FilterMorgan Hill, CA
The training is good. You get a decent orientation, then there are frequently updated CBLs to get on with.
Most people you work with are friendly.
Good customer interaction.
By and large, management doesn't pick favourites. You can be the most popular associate of all time but if you mess up, you'll get fired, just like anyone else.
You're usually given very clear instructions as to what to do and a time frame in which to do them.
You get an hour lunch whereas most retail employers only give you half an hour.
You get regular, clear feedback on your performance.
The random computerized schedule sucked. You could be working 2pm-11pm one day and then be expected to come in at 7am the next day. You could also find yourself working up to ten days in a row, because when the schedule is generated for the next week, it doesn't take into account what days you were working last week; so if you work full-time (five days out of seven), that might happen.
Managers are too trigger happy about coaching and firing people.
If you're a full time employee and want to move to another department, good luck to you. You'll be fine if you don't mind switching to part time, losing all your benefits and hours, though.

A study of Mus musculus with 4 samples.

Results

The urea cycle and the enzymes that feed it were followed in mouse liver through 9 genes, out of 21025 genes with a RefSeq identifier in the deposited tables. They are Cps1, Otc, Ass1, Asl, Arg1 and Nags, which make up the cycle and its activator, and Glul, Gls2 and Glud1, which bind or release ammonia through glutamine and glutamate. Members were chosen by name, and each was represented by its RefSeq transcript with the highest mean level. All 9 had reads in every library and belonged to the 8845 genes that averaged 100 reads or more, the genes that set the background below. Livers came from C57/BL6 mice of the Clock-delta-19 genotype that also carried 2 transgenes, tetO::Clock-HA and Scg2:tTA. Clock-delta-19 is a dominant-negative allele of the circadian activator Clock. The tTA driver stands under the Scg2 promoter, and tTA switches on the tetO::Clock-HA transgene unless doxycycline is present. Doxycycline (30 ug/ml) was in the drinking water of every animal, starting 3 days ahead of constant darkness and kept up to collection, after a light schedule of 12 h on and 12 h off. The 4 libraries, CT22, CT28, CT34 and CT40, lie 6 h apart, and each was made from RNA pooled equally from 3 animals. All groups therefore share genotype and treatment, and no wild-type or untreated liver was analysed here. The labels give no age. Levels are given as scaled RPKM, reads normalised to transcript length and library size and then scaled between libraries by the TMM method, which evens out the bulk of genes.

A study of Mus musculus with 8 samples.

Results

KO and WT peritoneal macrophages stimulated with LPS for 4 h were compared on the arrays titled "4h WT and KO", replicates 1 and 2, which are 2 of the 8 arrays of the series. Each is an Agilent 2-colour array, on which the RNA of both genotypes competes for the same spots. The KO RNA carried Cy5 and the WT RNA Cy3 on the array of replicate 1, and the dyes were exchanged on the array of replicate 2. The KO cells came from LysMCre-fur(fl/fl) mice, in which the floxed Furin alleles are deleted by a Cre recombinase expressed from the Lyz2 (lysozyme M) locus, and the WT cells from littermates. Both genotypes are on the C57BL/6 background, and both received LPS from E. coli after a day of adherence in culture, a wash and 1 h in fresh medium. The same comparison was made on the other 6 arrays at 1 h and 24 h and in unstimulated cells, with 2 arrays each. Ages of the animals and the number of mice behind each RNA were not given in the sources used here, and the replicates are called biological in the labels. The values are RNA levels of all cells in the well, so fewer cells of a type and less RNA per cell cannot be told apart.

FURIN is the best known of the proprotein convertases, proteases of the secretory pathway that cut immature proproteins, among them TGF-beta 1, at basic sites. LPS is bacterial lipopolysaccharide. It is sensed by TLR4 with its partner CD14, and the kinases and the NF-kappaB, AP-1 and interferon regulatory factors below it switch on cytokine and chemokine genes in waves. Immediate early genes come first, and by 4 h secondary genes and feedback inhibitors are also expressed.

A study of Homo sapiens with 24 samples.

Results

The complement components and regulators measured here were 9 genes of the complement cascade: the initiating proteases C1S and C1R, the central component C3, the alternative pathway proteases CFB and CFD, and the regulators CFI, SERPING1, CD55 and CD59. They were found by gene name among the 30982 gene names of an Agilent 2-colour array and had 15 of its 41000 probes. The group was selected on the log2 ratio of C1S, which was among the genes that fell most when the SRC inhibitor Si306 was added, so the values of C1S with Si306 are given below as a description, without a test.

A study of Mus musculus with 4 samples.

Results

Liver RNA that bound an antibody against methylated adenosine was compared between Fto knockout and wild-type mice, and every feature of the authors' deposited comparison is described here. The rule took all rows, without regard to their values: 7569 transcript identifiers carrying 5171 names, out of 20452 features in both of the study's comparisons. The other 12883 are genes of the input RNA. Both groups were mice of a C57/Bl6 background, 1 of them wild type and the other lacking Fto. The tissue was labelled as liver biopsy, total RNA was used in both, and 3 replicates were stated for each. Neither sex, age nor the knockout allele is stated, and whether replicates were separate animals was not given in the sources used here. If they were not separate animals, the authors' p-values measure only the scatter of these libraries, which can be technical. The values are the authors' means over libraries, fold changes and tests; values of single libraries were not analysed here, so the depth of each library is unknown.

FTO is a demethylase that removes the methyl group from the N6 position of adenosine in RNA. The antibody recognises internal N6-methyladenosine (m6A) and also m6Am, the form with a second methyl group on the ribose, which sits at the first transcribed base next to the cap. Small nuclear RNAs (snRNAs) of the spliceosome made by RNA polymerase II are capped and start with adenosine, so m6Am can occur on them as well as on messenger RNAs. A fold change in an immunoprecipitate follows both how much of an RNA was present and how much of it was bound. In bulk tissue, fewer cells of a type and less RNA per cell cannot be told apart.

Most people - especially managers and supervisors - completely ignore customers walking past them. This is in spite of being reminded every morning that you're supposed to greet every customer walking within ten feet of you, and offer to help them.
It is too easy to get promoted, at least from sales associate to department manager, so you end up with someone no more competent - and probably less competent - than you running things.
When there isn't much to do, it can be boring beyond belief. When there is too much to do, it can be far too overwhelming.
Supervisors and managers have unrealistic expectations of how long it should take you to do something. For example, a five-foot-high pallet full of things that, at first glance you know is mostly overstock, is supposed to be cleared within an hour. You can expect to be told off, or even coached, if you don't do this.
The pay isn't all that great, even, I was told, for assistant managers.
The Wal-Mart Cheer is, frankly, embarrassing.
Advice to Management
Fix the scheduling system. Nobody wants to work ten days in a row, not even if Wal-Mart is their dream job. My advice is to go back to manual scheduling instead of using a computerized system. At least a manager would be able to have the common sense to know that someone shouldn't work that many days in a row, or be coming in early in the morning when they just finished late in the evening.
Stop coaching people for minor infractions/unfair reasons such as accidentally going five minutes over on your break or not getting five hundred things done in half an hour.
Supervisors - and zone supervisors in particular - need to stop lording it over the lower-level associates and treat them with respect, and stop giving them tedious, menial tasks to do.